Japan Overturns Move to Block Expansion of U.S. Base in Okinawaby and
Decision on base construction may reignite protests over plan
Base is a point of tension between Tokyo and Washington
Japan invalidated a decision by Okinawa’s governor to stop landfill work for a controversial expansion of a U.S. base, in a move that is likely to reignite protests by islanders against the central government in Tokyo and the Obama administration.
At the core of the dispute is the planned move of the city center-based Marine Corps Air Station Futenma to the less populated Henoko area in the north of the island. Governor Takeshi Onaga, who was elected last year on a platform of opposition to the relocation plan, earlier this month revoked approval --granted by his predecessor -- for the reclamation work to build a new airstrip.
The wrangling over the relocation has dragged on for nearly two decades, and is one of the few areas of tension between the governments in Tokyo and Washington. Successive Japanese administrations have struggled to fulfill alliance expectations at the same time as quelling local anger. The latest standoff -- which could spur a protracted legal battle -- comes amid a territorial dispute with China over islands in the East China Sea about 400 kilometers (250 miles) from the main island of Okinawa.
Okinawa is a critical part of the U.S. military presence in Asia, playing host to about half the roughly 50,000 U.S. military personnel in Japan, the biggest deployment of American forces outside the home front. While U.S. forces may offer a welcome deterrent against China’s increasing muscle, many Okinawans complain of noise, crime, pollution and accidents connected with the bases.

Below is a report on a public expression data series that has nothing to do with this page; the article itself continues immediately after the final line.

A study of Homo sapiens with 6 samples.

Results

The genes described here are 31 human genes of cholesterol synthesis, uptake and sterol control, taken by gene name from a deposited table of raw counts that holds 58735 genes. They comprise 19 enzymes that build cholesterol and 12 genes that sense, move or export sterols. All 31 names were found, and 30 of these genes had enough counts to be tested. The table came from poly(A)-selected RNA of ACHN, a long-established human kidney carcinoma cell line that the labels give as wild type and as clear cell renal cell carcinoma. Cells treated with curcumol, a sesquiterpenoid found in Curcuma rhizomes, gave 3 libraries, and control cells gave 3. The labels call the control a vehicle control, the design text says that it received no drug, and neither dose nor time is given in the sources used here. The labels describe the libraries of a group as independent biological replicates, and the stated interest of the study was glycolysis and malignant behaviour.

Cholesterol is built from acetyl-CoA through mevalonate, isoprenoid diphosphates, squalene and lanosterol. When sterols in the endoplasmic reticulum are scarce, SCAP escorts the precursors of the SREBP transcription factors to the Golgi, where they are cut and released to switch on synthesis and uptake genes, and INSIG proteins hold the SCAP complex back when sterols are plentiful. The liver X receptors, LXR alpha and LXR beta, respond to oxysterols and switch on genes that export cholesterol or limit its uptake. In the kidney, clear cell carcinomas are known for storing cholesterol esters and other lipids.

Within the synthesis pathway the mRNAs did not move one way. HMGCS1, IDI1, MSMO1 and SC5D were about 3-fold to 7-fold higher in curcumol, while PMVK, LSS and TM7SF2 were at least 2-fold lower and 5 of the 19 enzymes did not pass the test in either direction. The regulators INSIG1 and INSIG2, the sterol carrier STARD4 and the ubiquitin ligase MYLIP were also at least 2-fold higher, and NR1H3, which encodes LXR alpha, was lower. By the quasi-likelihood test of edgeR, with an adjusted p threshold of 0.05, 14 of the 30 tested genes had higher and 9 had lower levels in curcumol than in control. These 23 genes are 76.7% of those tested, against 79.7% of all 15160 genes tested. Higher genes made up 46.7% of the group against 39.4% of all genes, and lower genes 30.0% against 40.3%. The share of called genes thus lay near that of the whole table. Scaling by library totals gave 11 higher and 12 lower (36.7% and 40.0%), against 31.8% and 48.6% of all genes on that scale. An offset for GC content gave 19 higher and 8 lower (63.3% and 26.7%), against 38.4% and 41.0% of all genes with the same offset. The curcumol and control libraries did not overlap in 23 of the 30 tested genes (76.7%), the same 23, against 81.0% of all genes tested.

Following the Cabinet decision to void Onaga’s decision Tuesday, Chief Cabinet Secretary Yoshihide Suga told reporters in Tokyo that the governor has made an “illegal” move. Greenpeace Japan condemned the central government’s decision, saying in a statement that its flagship Rainbow Warrior would set sail for Okinawa this week in solidarity with opponents of the relocation.
“We stand with the majority of Okinawans who are against the expansion of this base and demand the protection of Henoko Bay and the rare and vulnerable marine life that depends on it,” the environmental organization wrote in a statement.
Onaga said last month that Okinawa alone can’t shoulder the burden of defending Japan against potential threats from China. His comments came after several discussions with Defense Minister Gen Nakatani, who said U.S. forces are needed on the island.
With most local residents opposed to the move -- and a majority of respondents to a nationwide Asahi Shimbun survey earlier this year also critical of Tokyo’s handling of the issue -- protests around the Henoko area are likely to swell.
“Governor Onaga may take this to trial, but I think construction can start in any case,” said Hiroshi Meguro, a research fellow at the Hosei University Institute of Okinawan Studies. “It’s possible that the demonstrations will get larger. As people start to feel there’s nothing they can do, they may also turn violent.”
The island was the site of one of the bloodiest battles between U.S. and Japanese forces during World War II. About 1,600 kilometers south of Tokyo, Okinawa served as a vital staging point for U.S. troops during the Korean and Vietnam wars and administers uninhabited islets also claimed by China.
Suga, who doubles as minister in charge of reducing the military burden on Okinawa, will fly to Guam later this week, where he may discuss the partial transfer of U.S. forces to the Pacific island.